You might think of it as the ultimate intellectual buffet.
Leadership Pittsburgh’s inaugural Unboxxed event on Friday and Saturday at Nemacolin Woodlands Resort featured 31 speakers who talked about everything from new educational games to brain research to eyeball transplants.
With the “Edges of Learning” as its main theme, many of the speakers focused on ways of improving the educational system and our ability to learn throughout our lives.
Jesse Schell, a Carnegie Mellon University professor and head of a Station Square-based game design company, talked about a new game his firm has developed called “Lexica,” to be released next month. It will allow players in many locations to join together to act out adventures with heroes from well-known works of literature. To get ahead, players will need to read the books.
The game is driven by his belief that curiosity is at the core of learning, he said, and that much of what happens in schools today does not encourage curiosity. “Our schools are really designed to teach the same thing to everyone — standardized students, standardized education.” Well-designed educational computer games “go where the learner wants to go.”
Jim Denova, vice president of the Benedum Foundation, lamented the way much of the nation’s vocational education has failed to keep pace with the times. To close the social and educational gap, he points to model programs like one in which an AP engineering class in one high school is working with vocational students who use high-tech manufacturing equipment. The students collaborate to design and create products.
Aradhna Oliphant, president of Leadership Pittsburgh and the event’s organizer, said about 200 people attended, representing teachers, foundation officials, lawyers, corporate managers, business owners and people from the arts. Its goal was to have an eclectic set of ideas that will have ripple effects throughout the region.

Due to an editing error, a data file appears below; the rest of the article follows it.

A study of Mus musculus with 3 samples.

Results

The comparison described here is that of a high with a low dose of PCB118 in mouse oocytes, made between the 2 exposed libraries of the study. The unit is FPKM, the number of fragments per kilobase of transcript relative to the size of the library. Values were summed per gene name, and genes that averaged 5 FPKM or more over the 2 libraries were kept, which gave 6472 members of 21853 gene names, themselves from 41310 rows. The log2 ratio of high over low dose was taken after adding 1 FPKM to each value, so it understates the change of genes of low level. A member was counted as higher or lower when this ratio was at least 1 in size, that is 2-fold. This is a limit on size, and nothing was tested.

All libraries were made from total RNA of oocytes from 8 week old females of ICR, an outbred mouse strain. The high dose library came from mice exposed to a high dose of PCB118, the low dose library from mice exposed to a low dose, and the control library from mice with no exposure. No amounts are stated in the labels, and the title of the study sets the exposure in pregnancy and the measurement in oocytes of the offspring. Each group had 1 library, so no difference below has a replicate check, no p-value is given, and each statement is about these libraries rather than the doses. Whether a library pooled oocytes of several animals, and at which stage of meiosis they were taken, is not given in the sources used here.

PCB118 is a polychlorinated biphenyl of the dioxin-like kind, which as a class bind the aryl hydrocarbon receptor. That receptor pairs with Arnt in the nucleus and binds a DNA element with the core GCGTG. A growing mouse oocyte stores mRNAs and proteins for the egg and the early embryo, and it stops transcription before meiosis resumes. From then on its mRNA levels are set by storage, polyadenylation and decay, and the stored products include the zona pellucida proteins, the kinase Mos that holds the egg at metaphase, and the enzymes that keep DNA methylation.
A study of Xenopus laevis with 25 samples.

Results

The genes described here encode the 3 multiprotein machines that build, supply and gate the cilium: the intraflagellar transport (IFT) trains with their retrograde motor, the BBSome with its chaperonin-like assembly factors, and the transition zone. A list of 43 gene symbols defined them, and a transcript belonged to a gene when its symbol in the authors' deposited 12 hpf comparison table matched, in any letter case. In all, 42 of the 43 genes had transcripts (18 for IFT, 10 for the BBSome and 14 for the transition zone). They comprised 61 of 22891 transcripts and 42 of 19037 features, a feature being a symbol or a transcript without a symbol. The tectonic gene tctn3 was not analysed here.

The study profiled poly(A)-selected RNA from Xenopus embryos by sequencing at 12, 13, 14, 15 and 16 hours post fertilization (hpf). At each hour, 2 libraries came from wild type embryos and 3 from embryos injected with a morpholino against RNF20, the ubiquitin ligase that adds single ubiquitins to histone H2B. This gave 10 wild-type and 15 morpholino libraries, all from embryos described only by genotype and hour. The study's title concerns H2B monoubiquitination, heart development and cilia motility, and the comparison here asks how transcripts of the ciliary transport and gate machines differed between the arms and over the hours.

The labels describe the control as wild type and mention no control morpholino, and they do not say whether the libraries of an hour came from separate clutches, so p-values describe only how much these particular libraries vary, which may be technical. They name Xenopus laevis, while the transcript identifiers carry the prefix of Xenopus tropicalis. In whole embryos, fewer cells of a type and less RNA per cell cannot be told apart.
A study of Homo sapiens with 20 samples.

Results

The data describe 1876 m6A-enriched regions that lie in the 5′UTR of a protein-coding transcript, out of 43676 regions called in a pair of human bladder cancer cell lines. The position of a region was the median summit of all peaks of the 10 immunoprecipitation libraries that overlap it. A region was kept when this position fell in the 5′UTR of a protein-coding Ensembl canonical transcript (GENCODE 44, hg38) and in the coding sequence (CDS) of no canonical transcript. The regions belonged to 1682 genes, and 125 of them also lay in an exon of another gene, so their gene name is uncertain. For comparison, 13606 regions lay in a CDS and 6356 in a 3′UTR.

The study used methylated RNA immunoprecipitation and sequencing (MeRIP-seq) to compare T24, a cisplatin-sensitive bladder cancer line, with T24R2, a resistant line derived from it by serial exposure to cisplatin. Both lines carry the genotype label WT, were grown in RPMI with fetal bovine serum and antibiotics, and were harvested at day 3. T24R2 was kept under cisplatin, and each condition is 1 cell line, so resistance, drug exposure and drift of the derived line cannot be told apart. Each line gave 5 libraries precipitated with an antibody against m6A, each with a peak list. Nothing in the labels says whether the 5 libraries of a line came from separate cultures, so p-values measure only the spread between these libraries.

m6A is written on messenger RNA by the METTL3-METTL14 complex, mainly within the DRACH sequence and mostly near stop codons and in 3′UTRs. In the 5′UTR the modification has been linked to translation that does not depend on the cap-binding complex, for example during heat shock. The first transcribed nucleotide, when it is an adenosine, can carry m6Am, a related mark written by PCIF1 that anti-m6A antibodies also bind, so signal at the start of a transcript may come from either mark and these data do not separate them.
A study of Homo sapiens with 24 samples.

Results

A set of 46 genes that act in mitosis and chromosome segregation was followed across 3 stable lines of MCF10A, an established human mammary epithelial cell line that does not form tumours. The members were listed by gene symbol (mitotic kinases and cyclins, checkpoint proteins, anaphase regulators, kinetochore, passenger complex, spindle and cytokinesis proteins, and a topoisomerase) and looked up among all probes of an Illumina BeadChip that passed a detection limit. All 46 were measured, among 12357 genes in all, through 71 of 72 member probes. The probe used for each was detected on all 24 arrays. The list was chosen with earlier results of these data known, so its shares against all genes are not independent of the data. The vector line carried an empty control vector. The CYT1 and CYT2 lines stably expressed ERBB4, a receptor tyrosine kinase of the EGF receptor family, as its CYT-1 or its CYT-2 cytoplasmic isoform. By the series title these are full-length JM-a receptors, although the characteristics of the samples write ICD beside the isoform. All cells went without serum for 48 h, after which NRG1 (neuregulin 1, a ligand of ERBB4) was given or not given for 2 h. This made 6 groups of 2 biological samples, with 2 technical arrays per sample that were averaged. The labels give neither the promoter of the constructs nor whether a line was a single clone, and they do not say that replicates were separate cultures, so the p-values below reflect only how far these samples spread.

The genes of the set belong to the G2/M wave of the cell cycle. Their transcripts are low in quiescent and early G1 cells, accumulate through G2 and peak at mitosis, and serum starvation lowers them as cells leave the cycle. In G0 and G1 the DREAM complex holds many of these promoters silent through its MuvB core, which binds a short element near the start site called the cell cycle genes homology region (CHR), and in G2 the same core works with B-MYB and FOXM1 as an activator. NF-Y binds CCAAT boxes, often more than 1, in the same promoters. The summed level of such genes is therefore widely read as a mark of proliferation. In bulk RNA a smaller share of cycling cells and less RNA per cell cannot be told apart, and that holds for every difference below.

“I don’t know what all will happen, but I do know that inspiration was ignited and interesting connections were made. We don’t force-feed people; we work with leaders and creative minds and influencers.”
Videos of the Unboxxed presentations will be available starting Wednesday at http://lpinc-unboxed.org/.
Besides the focus on education, Unboxxed also offered up leading-edge medical and scientific research.
Julie Fiez, a neuroscientist at the University of Pittsburgh’s Learning Research and Development Center, has studied a sugar-cube-sized part of the brain critical for reading. Called the visual word form area, this node on the lower left side of the brain allows people to interpret whole words and rapidly know what they mean.
To prove this area of the brain is responsible for word recognition, her group used an alphabet made up of human faces and taught students how to read this new language.
After two weeks of training, the students could read the “face font” at about a first-grade level, and those who performed best had stronger activity in the visual word form area than others. Her group’s research suggests the word form area is in a critical place that connects the letters in a word to parts of the brain associated with sound and meaning.
There are a growing number of people who can no longer read by sight, because their vision has been destroyed in warfare or accidents, said Vijay Gorantla, a plastic surgeon at Pitt who has participated in the university’s pioneering hand transplants.
His group has received military funding to conduct research into the futuristic possibility of transplanting entire eyeballs.
Known as ARGOS, for audacious restorative goals for ocular sciences, the team is exploring the complexities of how eyes could be safely transplanted.
Referring to last week’s Philae probe in space, he said, “If we can send a probe 4 billion miles away and put it on a comet that is hurtling through space at 86,000 miles an hour and send back a picture, is this really so impossible?”
Mark Roth: firstname.lastname@example.org, 412-263-1130 or on Twitter @markomar.